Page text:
The recent announcement of Deion Sanders as the head football coach at the University of Colorado Boulder has brought incredible enthusiasm about what it means for one of our state’s exceptional universities and the talent of students and athletes he will bring.
On top of the immense expertise and many opportunities Coach Prime will add to the CU football program, he has already made a significant impact on another aspect of how the institution operates: the transfer process. The university has recently shared that it will be reevaluating its transfer process to better support not only the many athletes eager to join the community under his leadership, but any student who meets the requirements to transfer to CU.
We applaud CU for going beyond a quick fix that applies only to athletes and committing to pilot these changes for all students. This is an opportunity for CU to help nurture a statewide culture where students receive meaningful credit for high-quality coursework, regardless of where they complete it. CU will attract talented students from the world over by removing barriers to achieving a degree with this move.
Right now, in our country, any student who transfers from one institution to another typically loses almost half the credits they have completed. This has a devastating effect on the success students have worked towards and increases the cost of attaining a degree. The NCAA requires athletes who make use of the transfer portal to stay on track toward their degree; athletes cannot transfer through the portal if they will lose half their credits.
Unfortunately, many schools have created a workaround where athletes meet this requirement by enrolling in a physical education or general education pathway, regardless of their passion or what they were studying before they transferred. Neither pathway provides significant opportunities for career and economic security after graduation.
At the heart of our college and university system comes the promise of high-value credentials that lead to greater economic mobility.
One of us — Ryan — knows this experience better than anyone. My two degrees, one in economics and policy, and the other in political science, from Notre Dame have allowed me to continue my path of success after I retired from the NFL and moved into the next phase of my life.
Unfortunately, too many students never experience economic mobility. Some of my teammates had to relocate due to a family illness, only to start back at the beginning of their academic careers. All the while in these situations, the school benefits from the player performing. Many players feel like those schools are benefitting from their athletic contributions, while maximizing their own revenue.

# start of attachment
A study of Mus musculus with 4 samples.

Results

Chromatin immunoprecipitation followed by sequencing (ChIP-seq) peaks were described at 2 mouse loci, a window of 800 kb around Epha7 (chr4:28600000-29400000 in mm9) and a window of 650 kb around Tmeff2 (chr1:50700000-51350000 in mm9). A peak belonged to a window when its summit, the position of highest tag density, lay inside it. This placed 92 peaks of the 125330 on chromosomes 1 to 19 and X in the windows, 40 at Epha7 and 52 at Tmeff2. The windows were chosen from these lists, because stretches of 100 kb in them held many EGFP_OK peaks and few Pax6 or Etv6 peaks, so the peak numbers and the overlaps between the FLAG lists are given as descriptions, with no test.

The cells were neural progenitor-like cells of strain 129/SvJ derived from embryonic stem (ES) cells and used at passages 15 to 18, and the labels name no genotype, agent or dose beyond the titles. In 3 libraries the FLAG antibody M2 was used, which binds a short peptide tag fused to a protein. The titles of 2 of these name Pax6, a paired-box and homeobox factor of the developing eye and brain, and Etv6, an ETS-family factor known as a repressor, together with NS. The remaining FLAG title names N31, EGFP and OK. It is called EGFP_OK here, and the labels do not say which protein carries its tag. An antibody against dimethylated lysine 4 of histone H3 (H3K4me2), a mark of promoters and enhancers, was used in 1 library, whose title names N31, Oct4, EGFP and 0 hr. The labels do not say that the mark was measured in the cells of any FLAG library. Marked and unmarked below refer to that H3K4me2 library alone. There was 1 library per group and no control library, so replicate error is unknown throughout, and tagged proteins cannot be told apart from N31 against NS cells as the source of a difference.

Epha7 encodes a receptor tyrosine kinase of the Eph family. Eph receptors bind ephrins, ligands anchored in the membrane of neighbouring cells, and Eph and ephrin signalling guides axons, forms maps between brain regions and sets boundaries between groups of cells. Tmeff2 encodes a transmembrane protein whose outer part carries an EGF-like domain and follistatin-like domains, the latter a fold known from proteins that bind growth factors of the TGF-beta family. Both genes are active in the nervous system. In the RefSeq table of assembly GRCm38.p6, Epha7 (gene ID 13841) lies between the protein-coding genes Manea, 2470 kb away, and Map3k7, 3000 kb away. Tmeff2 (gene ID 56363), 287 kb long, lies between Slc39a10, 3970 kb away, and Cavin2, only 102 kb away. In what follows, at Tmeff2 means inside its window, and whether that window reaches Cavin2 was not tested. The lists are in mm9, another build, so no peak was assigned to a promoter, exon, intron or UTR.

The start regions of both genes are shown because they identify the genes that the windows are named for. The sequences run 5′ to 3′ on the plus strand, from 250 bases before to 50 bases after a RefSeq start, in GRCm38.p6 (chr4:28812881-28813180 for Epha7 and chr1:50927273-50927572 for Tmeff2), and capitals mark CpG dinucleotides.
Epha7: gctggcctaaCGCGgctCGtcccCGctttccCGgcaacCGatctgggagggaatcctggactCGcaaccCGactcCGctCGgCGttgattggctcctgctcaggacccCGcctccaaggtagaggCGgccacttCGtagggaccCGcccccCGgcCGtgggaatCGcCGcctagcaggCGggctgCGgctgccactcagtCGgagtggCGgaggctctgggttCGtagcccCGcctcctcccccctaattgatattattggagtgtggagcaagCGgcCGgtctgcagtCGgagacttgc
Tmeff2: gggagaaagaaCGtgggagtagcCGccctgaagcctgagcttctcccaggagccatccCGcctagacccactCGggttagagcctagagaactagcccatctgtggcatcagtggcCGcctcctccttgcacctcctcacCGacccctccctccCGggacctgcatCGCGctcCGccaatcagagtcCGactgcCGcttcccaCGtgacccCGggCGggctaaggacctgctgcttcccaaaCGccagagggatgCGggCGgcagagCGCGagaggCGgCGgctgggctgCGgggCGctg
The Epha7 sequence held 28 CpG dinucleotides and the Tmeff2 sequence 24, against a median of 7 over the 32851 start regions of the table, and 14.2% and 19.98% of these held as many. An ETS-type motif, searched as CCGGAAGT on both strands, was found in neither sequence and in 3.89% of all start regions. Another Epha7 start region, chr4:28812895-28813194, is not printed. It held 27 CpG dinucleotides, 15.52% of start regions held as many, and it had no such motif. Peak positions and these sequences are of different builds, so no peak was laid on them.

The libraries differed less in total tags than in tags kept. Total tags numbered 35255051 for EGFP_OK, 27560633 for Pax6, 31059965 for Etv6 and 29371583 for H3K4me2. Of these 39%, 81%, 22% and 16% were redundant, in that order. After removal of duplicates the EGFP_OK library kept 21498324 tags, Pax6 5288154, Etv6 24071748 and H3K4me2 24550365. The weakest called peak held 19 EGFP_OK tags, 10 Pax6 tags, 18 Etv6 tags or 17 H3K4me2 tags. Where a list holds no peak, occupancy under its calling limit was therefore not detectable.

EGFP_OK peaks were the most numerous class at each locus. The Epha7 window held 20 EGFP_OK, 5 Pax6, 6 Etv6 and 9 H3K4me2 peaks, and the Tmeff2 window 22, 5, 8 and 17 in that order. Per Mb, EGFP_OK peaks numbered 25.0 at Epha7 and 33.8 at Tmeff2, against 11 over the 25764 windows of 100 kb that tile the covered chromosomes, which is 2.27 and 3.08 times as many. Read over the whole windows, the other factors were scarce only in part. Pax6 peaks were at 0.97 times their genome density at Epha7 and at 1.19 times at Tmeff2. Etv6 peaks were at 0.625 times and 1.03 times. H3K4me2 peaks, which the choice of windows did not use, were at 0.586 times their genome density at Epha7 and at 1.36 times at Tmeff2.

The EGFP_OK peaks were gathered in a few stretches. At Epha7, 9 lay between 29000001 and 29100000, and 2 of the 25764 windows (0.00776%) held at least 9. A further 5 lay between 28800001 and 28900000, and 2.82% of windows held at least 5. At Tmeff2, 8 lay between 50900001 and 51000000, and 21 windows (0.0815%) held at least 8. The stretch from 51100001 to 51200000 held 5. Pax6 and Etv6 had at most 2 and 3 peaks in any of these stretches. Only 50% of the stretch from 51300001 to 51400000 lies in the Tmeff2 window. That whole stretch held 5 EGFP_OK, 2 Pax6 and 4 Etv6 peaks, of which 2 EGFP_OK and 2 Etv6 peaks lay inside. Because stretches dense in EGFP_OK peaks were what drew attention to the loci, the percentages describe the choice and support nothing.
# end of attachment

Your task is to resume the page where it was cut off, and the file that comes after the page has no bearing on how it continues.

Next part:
Athletes are not the only group that moves more freely across institutions; most students complete courses at multiple schools, and many have industry-relevant training that should apply to their academic program. Regardless of the health, economic, or mental health needs of a student, transferring can set them back — by years in many cases.
CU, unlike many other schools, has always been committed to ensuring the athlete it accepts stays on a high-quality pathway. However, until now, they have not addressed how challenging it is for athletes, or any students, to receive credit for coursework completed at other institutions, even though all Division I colleges go through a similarly rigorous accreditation process to ensure academic quality.
As CU reimagines its transfer process, to ensure all students win it should ensure the credits they are accepting go toward degrees, and not just electives. It should consider expanding this policy to relevant business and engineering credits (currently it is limited to arts and science credits). And it should make this a permanent change. CU can help lead the way in being more inclusive of the coursework it honors and reducing lost credits for all students.
As for the other one of us — Scott — my time at CU studying Business Administration cemented my deep belief in the power of an excellent education to support all learners in entering the workforce prepared for their next chapter. Both of us believe it is essential that we advocate for the next generation of students to receive the same support and advocacy we received in both of our educational experiences.
Our postsecondary system needs to put our state’s students on the path to career success while cultivating a pipeline of creativity and workers for in-demand jobs across the state. We look forward to the impact Coach Prime’s leadership will have on his team of students, the students enrolling at CU from around the globe, and our community.
Scott Laband, of Morrison, is president of Colorado Succeeds, a nonprofit, nonpartisan organization that brings together leaders from business, education, and government to advance education and workforce development.